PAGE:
After the intensely personal first section of the book, Grieving, the perspective widens in the central chapters into Losing and here the picture begins to blur. Appignanesi takes on not only her own earlier life but also politics, populism, social media and the contemporary climate of generalised anger. Few of her readers will disagree with what she says about Twitter or Trump, or the dangers of too much time online, which risks creating “a voided life” in which “shaming scapegoating and hating” dominate. But most of it has been said before many times. We Rosemary Hill lose sight of Appignanesi herself, who becomes at this point curiously uncritical, allowing Freud to cast a baleful shadow and some very questionable statements to go unquestioned.
...Appignanesi was blindsided by the fury she was left feeling, when she had expected her grief to manifest itself in the gentle sorrow she had been conditioned to believe more feminine. And at the core of her moving but meandering bereavement memoir, there's a better book on female anger seeking permission to kick, punch and spit its way out... Her analysis of the global mood isn't original - but it is interesting to see it contextualised by her widow's pique... She's good - if brief - on the historic suppression and mockery of female rage and the rise of misogyny online. She's honest about her uncertainty as to where a woman of her age fits into 21st-century feminism... The final third of the book sees her savage grief soothed by the love of her two grandsons. This section is a bit self-indulgent. But through watching their toddler tantrums, Appignanesi makes a kind of peace with her own anger.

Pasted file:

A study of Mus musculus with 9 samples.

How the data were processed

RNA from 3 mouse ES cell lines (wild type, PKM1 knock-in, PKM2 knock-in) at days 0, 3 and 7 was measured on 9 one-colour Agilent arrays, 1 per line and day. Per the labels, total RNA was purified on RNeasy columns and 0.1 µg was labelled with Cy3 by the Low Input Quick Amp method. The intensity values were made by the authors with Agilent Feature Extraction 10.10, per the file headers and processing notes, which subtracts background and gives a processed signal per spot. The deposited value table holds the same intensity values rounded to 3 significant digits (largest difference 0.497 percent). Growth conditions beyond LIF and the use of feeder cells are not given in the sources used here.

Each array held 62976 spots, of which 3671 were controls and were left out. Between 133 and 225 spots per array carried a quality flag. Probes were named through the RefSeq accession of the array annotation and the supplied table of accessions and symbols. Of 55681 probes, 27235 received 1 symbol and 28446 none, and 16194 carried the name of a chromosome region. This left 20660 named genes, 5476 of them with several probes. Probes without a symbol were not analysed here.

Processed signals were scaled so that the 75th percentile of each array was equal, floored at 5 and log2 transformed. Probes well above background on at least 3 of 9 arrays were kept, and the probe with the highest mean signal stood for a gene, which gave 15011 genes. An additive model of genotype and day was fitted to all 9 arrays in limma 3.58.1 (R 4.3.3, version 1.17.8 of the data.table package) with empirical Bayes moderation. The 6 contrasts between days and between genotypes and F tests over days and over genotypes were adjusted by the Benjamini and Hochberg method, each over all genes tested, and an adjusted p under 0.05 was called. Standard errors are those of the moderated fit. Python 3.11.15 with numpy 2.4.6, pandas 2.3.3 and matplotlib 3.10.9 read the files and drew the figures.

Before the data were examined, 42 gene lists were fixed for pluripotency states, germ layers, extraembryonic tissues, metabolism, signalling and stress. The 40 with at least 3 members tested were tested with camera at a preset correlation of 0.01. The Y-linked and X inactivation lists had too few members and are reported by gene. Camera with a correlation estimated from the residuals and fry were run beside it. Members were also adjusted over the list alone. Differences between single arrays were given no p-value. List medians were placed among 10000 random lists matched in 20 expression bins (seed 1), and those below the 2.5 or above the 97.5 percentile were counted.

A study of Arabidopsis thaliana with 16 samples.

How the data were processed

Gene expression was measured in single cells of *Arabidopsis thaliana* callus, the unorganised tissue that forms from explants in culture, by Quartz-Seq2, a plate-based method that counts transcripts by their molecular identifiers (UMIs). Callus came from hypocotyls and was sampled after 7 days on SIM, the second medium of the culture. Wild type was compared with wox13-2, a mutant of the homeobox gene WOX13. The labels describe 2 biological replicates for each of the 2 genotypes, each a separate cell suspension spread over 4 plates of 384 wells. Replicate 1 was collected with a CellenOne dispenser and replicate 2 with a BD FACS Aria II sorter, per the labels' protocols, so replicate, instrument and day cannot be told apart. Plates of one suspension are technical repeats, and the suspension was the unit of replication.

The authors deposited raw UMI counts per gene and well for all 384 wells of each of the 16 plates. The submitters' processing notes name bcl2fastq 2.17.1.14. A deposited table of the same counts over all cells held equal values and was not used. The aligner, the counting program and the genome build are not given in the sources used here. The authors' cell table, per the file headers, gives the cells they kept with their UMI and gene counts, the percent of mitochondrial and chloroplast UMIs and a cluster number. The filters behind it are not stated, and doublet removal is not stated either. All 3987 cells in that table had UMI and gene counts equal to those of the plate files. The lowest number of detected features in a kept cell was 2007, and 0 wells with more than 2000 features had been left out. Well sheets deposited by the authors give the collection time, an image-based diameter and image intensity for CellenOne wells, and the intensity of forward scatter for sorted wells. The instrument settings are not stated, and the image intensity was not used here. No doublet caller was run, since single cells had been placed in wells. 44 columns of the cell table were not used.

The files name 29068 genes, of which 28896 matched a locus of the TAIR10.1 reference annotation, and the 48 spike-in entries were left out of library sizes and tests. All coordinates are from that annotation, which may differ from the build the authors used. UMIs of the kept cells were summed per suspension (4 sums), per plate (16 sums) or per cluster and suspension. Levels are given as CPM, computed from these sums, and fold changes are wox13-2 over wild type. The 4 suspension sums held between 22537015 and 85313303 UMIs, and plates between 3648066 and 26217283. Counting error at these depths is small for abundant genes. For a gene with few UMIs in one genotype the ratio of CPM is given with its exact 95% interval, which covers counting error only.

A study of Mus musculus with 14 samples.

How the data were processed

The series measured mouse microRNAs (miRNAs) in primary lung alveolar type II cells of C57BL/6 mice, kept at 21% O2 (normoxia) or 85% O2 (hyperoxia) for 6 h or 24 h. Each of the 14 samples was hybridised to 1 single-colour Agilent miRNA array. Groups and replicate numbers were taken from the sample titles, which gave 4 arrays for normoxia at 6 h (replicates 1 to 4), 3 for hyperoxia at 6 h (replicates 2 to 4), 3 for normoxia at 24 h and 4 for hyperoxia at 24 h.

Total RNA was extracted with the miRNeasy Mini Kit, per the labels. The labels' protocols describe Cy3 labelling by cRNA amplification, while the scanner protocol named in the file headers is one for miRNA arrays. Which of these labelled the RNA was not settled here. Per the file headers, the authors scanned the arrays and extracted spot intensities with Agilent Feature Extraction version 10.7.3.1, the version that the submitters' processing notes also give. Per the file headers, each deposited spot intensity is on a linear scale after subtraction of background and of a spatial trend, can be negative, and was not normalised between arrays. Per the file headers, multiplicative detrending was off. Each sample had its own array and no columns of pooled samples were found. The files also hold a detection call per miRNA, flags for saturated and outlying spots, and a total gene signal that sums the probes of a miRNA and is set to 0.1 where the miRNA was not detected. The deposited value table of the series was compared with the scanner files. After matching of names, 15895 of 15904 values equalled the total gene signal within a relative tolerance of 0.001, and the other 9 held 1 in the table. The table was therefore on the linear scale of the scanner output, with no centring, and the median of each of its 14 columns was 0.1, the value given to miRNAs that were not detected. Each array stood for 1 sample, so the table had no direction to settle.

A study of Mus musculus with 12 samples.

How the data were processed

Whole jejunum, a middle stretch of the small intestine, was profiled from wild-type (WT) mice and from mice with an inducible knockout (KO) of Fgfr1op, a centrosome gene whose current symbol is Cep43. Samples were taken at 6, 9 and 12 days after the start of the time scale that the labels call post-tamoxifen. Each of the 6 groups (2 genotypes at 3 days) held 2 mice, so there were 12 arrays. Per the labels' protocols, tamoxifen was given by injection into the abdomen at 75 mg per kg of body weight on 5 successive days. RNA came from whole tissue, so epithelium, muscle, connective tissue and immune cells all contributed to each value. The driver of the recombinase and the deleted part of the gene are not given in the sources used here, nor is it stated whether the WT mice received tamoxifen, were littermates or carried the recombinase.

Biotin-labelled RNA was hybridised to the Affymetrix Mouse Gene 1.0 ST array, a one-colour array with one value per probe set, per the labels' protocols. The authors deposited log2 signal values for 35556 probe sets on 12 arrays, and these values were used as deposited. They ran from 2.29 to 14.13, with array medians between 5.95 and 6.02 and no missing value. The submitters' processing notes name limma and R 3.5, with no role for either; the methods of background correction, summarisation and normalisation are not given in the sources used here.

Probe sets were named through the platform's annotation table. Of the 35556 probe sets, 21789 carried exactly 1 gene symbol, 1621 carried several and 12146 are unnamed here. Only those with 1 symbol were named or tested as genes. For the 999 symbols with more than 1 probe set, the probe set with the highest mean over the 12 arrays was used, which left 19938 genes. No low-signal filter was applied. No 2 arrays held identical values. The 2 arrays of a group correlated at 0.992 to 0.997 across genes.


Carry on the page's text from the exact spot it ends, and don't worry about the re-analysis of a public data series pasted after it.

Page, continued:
Appignanesi opts for a tone that is interrogative and historically probing rather than crusading. She quotes Montaigne – “No passion disturbs the soundness of our judgement as anger does” – before delving into the ways that anger and madness have been long allied. . . . But if wrath is one of the deadly sins, injuring others, ultimately, like envy, it only poisons us. The challenge is to source the right antidote. Inanely, we tell the grieving that time is this antidote – that it heals all wounds. But Appignanesi is after something more rigorous; something that looks more like self-forgiveness.
Appignanesi’s book fails by taking the reader close to her grief, with all the airlessness that implies, and yet not close enough; something about her slippy, inexact prose bred in me not understanding, but a feeling of distance. The section on Brexit – it climaxes with someone being vile to her, the daughter of immigrants, in a London market – is a rhetorical leap too far; her rage at her partner’s loss might well be mirrored by what she sees out in the world, but the two are not consequent on one another, or even connected.